Rival executives reportedly believe the Arizona Diamondbacks intend on trading star first baseman Paul Goldschmidt, and there should be plenty of suitors lining up to acquire his services.

Goldschmidt, 31, is one year removed from finishing in the top three of National League MVP voting and has been the runner-up twice. The slugger is slated to hit free agency following the 2019 campaign, and the Diamondbacks seem to be approaching a transitional phase with A.J. Pollock and Patrick Corbin set to depart via free agency.

Any return would have to be substantial and immediately contribute toward a rebuild for Arizona’s front office to feel compelled to move a franchise face, despite some lean years seemingly on the horizon and the six-time All-Star being set to leave next winter. Here is a list of teams that could want Goldschmidt enough to make it worthwhile for the D-Backs.

New York Yankees


Assessing Greinke’s trade value is tough due to the fact that he’s owed just over $100 million over the next three seasons. Depending on how much Arizona is willing to retain, that could really alter his value. However, packaging the veteran right-hander with an elite rental like Goldschmidt would likely command a greater return.

Although a recent report claims the Diamondbacks aren’t currently considering packaging the two players, teams could try to force the issue to offset the large sum of money owed to Greinke.

Yankees first baseman Greg Bird would likely be without a roster spot, and it might be time for the club to entertain shipping him out and keeping Luke Voit as a bench bat. Outfielder Clint Frazier is also without a spot and has been a fixture in trade rumors. Both represent immediate help and carry some prospect pedigree. A pitching prospect like Jonathan Loaisiga would make sense for the Diamondbacks, but a lower farmhand like Albert Abreu might allow Arizona to offload a little bit more salary. With this, the Yankees superteam is officially assembled and the D-Backs get pieces for both the present and future.

St. Louis Cardinals


St. Louis still has a roster that should threaten for a playoff spot, despite the Brewers’ upward trajectory. But, aside from their notable starting depth, the Cardinals could stand to make key additions all around the diamond. Matt Carpenter is penciled in as the club’s first baseman next year, but he’s versatile and could easily move elsewhere in the infield if the Cardinals go after Goldschmidt.

The Cardinals could decide to center their offer around recently drafted third-base prospect Nolan Gorman. Some of that noted pitching depth could come in handy as well, as Arizona could certainly use a major-league-ready arm like Dakota Hudson.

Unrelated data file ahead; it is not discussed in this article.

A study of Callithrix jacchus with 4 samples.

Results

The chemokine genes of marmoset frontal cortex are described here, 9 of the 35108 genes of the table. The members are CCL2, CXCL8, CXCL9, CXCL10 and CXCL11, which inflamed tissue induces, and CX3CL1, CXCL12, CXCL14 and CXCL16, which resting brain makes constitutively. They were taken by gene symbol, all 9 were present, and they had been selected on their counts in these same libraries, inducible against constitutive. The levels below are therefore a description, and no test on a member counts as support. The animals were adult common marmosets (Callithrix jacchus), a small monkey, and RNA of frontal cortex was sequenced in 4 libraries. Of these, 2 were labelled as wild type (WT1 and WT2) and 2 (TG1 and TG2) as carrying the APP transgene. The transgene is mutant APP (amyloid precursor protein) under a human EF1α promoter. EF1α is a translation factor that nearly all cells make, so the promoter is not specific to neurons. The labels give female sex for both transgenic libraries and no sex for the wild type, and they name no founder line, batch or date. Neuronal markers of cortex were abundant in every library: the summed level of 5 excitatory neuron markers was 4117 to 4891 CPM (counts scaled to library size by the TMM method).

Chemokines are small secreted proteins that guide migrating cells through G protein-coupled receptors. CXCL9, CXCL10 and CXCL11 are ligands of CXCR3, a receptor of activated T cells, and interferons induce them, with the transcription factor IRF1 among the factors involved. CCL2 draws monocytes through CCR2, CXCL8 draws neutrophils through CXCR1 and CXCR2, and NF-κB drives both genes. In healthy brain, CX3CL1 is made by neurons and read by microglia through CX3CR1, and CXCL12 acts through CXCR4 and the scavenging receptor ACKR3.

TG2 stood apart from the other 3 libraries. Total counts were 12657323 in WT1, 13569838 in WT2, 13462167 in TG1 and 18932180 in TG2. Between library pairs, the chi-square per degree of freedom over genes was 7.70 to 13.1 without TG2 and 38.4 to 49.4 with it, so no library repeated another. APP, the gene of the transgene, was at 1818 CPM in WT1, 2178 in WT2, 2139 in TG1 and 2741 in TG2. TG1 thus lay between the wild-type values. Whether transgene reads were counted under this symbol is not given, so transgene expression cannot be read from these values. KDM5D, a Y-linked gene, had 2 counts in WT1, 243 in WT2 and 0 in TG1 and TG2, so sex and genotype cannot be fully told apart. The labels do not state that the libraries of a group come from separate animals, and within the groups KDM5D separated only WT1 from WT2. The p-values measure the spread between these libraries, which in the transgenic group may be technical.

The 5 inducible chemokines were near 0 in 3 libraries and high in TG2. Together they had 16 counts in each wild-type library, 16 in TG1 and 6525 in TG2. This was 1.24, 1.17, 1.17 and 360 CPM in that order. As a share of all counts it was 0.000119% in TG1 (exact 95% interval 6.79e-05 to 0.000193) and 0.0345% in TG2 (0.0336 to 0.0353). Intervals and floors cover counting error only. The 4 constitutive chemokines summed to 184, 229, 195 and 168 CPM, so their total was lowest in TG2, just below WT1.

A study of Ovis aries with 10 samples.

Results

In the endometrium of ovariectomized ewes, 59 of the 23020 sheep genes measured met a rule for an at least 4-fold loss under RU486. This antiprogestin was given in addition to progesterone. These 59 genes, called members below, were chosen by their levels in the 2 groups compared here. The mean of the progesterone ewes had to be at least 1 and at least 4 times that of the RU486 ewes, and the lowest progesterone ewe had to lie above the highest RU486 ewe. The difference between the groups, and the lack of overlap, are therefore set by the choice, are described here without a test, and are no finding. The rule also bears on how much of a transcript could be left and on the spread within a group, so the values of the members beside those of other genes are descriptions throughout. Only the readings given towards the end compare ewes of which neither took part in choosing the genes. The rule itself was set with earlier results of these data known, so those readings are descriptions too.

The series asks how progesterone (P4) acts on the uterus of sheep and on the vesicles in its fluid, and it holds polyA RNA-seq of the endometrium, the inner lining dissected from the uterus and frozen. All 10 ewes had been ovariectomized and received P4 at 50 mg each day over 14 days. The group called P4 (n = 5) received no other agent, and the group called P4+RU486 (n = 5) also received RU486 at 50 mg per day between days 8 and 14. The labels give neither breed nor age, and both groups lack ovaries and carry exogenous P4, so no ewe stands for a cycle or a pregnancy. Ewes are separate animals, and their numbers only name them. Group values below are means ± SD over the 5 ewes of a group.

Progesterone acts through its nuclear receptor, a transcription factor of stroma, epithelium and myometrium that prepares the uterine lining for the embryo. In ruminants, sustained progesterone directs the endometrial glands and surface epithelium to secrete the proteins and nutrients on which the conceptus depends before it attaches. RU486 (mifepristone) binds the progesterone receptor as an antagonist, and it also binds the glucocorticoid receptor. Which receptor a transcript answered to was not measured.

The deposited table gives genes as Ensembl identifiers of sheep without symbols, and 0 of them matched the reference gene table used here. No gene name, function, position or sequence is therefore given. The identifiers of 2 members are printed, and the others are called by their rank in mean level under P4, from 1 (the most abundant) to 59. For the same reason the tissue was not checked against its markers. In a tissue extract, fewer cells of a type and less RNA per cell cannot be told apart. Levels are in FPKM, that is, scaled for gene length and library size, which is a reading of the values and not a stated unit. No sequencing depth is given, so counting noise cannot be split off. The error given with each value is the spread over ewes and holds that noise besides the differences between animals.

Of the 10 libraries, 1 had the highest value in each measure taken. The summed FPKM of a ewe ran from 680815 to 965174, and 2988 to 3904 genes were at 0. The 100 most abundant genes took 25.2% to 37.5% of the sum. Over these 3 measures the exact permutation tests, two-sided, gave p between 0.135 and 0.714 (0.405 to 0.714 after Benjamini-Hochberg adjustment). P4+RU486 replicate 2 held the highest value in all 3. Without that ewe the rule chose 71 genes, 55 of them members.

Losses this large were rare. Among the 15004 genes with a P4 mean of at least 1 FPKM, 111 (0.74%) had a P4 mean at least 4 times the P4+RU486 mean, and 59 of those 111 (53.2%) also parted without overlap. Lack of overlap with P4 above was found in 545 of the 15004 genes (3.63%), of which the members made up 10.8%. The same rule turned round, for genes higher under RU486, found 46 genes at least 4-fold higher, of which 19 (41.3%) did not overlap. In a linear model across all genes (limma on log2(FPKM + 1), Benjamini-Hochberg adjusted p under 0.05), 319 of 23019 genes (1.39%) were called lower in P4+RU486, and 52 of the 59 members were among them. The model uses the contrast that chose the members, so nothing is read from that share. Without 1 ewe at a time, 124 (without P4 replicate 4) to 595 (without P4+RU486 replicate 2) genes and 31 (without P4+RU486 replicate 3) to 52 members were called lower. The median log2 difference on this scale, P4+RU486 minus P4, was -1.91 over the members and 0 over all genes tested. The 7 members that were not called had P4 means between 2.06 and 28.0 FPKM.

Colorado Rockies


Despite the Rockies boasting a stronger farm system than their NL West rival and just making the postseason, they are, in a way, in a similar spot to the Diamondbacks. Their best player, Nolan Arenado, is set to become a free agent next winter, but they seem poised to make another push toward October baseball next year.

First base is an area of need for the Rockies this offseason. If they don’t address that corner of their infield, Colorado will enter 2019 with Ian Desmond and Ryan McMahon sharing the workload – not terrible but also not ideal for a potential contender. It would be interesting to see whether Jon Gray – who wasn’t included on the Rockies’ playoff roster – would become available if Greinke were involved. Otherwise, prospects like second baseman Garrett Hampson or pitchers Peter Lambert and Riley Pint would make sense.

Houston Astros


Tyler White showed flashes of brilliance but also struggled down the stretch. Yuli Gurriel, 34, was rather pedestrian as far as first basemen go, posting a .751 OPS. Goldschmidt would be a massive improvement at Houston’s weakest position.

The Astros likely wouldn’t part with either Kyle Tucker or Forrest Whitley, as both will likely play important roles at the major-league level this season, unless Greinke became part of the equation perhaps. Right-handed pitching prospect J.B. Bukauskas, who was reportedly part of a potential offer for Bryce Harper last season, is a realistic target.

New York Mets


New York is slated to head into the season with Dominic Smith at first, but it should be noted that, upon taking the GM gig, one of Van Wagenen’s first meetings was with first-base prospect Peter Alonso. The 23-year-old certainly isn’t a lock to be a meaningful big leaguer, but his .975 OPS with 36 home runs across Double-A and Triple-A last year is definitely eye-catching. Then again, Alonso could be used as a piece to acquire Goldschmidt.

In all likelihood, the Mets’ offseason will revolve primarily around what happens with Noah Syndergaard and not around addressing their need at first base. Perhaps the return for Syndergaard lends itself to going all-in this year, in which case going after Goldschmidt would make sense. But, maybe the return for Syndergaard is focused more on the future, in which case, a one-year rental at first base would be illogical. Should Thor stay put, then everything would seemingly remain on the table.